NCUB research year kicked the year off with the bang of the National Survey of Academics, the largest survey of this kind, reaching over 130,000 academics across the UK and drawing over 18,000 responses.
In the survey, academics tell us for what purposes and how they engage with non-academics, and for what purposes, from writing articles with industry to organising placements, but also giving advice to government, and working with their local communities and schools outreach, all as part of their normal academic jobs. They actually do a lot of engagement! The survey is so rich that we had to publish it across three reports one summary by the CEO, David Docherty, and one explanatory briefing paper by Inga Sileryte. We are confident more will come as it is slowly getting to be known better through mentions in media and in official enquiries.
Immediately after this, we expanded our portfolio of priority topics with Degree Apprenticeships, announced in March 2016, with potential to transform collaboration in talent development between universities and business radically. We gathered early intelligence on the main characteristics of the scheme in a briefing paper by Joan Wilson, co-branded with the UVAC, and subsequently organised a roundtable in July so members could share their views and practices. We continue working with HEFCE on the potential knock on effects of Degree Apprenticeships on other talent management practices.
This year’s State of the Relationship report, the third in the series, uncovered new key activities and themes in the collaboration sector, illustrated in technicolor through 46 case studies, policy reports from public funders, and myth-busting articles, as well as robust analysis of progress in the Collaboration Progress Monitor. We are excited to see some of the showcased collaborations maturing into large impactful projects, such as Blaze’s Laserlights fitted at Santander Cycles across London.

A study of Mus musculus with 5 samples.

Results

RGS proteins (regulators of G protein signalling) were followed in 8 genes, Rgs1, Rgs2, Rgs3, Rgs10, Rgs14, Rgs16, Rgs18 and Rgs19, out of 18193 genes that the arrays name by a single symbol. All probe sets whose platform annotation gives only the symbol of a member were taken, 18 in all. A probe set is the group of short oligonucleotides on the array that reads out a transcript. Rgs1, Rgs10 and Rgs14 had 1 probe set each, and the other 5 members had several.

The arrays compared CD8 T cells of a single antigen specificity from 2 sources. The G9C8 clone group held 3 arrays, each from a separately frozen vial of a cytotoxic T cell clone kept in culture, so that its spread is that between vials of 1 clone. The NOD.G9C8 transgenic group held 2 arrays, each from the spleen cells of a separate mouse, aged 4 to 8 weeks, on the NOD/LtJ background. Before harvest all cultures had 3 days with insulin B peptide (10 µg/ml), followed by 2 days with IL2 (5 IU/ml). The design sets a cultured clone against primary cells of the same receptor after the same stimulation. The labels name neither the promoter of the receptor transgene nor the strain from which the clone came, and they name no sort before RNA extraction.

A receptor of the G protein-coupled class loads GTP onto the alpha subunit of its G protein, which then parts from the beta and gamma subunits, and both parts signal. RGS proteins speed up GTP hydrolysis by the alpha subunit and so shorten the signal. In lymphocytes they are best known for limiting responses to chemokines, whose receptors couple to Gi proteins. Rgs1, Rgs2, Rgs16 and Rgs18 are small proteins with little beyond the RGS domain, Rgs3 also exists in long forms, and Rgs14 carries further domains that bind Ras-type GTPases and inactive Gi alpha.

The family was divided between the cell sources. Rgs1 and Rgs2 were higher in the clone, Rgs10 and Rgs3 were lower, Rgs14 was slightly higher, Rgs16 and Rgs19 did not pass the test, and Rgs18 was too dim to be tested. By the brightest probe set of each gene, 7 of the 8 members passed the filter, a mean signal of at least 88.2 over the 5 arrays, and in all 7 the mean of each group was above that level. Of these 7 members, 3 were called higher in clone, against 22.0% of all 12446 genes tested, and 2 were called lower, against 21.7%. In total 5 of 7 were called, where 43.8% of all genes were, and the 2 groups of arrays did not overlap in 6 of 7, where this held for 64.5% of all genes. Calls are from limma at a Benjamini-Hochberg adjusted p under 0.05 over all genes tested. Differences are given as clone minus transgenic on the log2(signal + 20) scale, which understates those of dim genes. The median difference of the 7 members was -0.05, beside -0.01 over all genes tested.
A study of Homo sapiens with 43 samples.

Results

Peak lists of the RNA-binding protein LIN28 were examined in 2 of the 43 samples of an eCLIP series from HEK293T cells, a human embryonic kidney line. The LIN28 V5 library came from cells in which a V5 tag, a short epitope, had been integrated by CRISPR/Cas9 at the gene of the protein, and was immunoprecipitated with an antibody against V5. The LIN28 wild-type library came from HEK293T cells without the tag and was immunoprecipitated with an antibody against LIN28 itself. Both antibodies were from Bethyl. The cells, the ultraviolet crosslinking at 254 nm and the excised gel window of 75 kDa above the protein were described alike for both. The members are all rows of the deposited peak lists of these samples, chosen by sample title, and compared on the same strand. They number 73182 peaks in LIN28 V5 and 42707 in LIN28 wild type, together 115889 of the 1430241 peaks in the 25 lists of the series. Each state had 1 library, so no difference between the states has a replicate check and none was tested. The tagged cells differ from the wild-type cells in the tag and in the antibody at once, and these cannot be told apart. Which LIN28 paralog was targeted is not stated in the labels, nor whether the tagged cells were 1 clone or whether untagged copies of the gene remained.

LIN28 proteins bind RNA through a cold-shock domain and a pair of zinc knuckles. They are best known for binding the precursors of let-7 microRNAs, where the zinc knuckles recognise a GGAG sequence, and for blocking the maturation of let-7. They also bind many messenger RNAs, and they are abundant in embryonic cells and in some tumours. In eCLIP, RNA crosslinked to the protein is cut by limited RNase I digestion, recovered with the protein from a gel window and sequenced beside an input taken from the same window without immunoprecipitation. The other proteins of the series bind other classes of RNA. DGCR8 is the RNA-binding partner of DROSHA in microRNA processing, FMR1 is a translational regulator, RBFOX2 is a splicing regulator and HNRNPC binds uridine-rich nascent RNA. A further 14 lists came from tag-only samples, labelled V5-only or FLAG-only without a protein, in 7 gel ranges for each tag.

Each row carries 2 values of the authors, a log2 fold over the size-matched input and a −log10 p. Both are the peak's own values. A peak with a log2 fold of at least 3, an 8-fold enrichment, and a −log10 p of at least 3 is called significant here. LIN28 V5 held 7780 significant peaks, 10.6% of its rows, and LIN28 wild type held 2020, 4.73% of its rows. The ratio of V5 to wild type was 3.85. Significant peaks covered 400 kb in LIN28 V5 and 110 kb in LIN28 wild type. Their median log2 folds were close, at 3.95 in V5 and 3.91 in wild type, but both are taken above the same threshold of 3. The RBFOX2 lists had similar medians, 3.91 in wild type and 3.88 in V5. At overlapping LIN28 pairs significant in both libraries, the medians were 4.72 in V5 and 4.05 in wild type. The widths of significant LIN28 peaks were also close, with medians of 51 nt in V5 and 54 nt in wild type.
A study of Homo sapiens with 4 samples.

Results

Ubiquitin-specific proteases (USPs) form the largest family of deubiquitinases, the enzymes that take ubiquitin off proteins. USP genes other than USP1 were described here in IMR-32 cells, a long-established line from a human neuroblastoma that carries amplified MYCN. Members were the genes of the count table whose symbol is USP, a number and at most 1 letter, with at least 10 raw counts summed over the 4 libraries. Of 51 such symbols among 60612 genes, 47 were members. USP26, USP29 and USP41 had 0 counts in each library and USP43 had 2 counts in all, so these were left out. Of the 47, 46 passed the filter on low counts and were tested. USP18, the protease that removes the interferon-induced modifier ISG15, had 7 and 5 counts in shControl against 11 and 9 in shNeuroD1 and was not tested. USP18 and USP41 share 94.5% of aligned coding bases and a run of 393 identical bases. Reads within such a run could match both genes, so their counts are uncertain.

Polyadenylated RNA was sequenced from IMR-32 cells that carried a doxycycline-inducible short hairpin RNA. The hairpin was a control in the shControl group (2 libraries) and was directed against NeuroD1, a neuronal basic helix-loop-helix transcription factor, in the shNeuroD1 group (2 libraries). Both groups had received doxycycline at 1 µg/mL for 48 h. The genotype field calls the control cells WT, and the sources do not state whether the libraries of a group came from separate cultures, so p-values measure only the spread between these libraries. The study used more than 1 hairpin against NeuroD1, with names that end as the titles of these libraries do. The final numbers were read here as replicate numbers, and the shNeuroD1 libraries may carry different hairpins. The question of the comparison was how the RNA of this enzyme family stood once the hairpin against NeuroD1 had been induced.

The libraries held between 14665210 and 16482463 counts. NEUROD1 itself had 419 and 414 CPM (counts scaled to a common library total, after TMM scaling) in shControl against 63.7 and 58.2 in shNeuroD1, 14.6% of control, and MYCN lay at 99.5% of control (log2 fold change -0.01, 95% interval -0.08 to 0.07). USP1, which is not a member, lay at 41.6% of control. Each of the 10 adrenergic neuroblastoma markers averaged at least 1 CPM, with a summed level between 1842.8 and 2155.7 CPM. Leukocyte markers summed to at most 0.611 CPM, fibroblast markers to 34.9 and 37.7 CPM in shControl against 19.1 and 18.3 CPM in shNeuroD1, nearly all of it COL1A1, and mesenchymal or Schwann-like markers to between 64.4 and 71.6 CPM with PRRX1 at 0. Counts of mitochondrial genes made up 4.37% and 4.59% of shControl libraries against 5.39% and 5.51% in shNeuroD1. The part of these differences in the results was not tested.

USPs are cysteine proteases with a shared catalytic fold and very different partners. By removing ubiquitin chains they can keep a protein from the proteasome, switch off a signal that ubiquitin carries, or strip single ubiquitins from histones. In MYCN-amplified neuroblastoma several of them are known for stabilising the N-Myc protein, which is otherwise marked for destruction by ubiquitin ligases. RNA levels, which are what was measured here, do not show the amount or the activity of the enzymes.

Our continued efforts to improve the understanding and the take up of work experience across the HE-business sector were acknowledged in the Shadbolt and Wakeham reviews of employability, with a specific recommendation for the National Centre to seek cross-sector consensus on what work experience is, and what it means for employers and students. This charge is an optimal way to follow findings from our Work Experience Survey that found disparities in the shape of work experience practice, but agreement that it is positive for students, and a valued method for employers to compete in the talent race.
We continue improving the shape and reach of our metrics-based tool for monitoring collaboration performance over time. Following increasing interest in post-graduate achievements we started tracking post-graduate as well as undergraduate employment after publishing the dedicated monitors for the UK constituent nations in the summer. We also developed a more nuanced visual to trace collaboration performance over many years with a double-wheel monitor that shows progress before and after a given year. We are testing this version for the triennium 2013-15, one year before and after 2014, and welcome views before launching it in the State of the Relationship 2017.
We continue bridging communities of practice between analysis and policy by launching, jointly with HEFCE and HESA, a user group of the higher education-business and community interaction survey (HE-BCI). And in credit to our strengthening reputation as myth-busters we appeared before the House of Commons Science and Technology Select Committee to give evidence on managing Intellectual Property and Technology Transfer.
We look forward to continuing this successful trend in 2017!
By Dr Rosa Fernandez, National Centre Director of Research
And Inga Sileryte, National Centre Research Officer.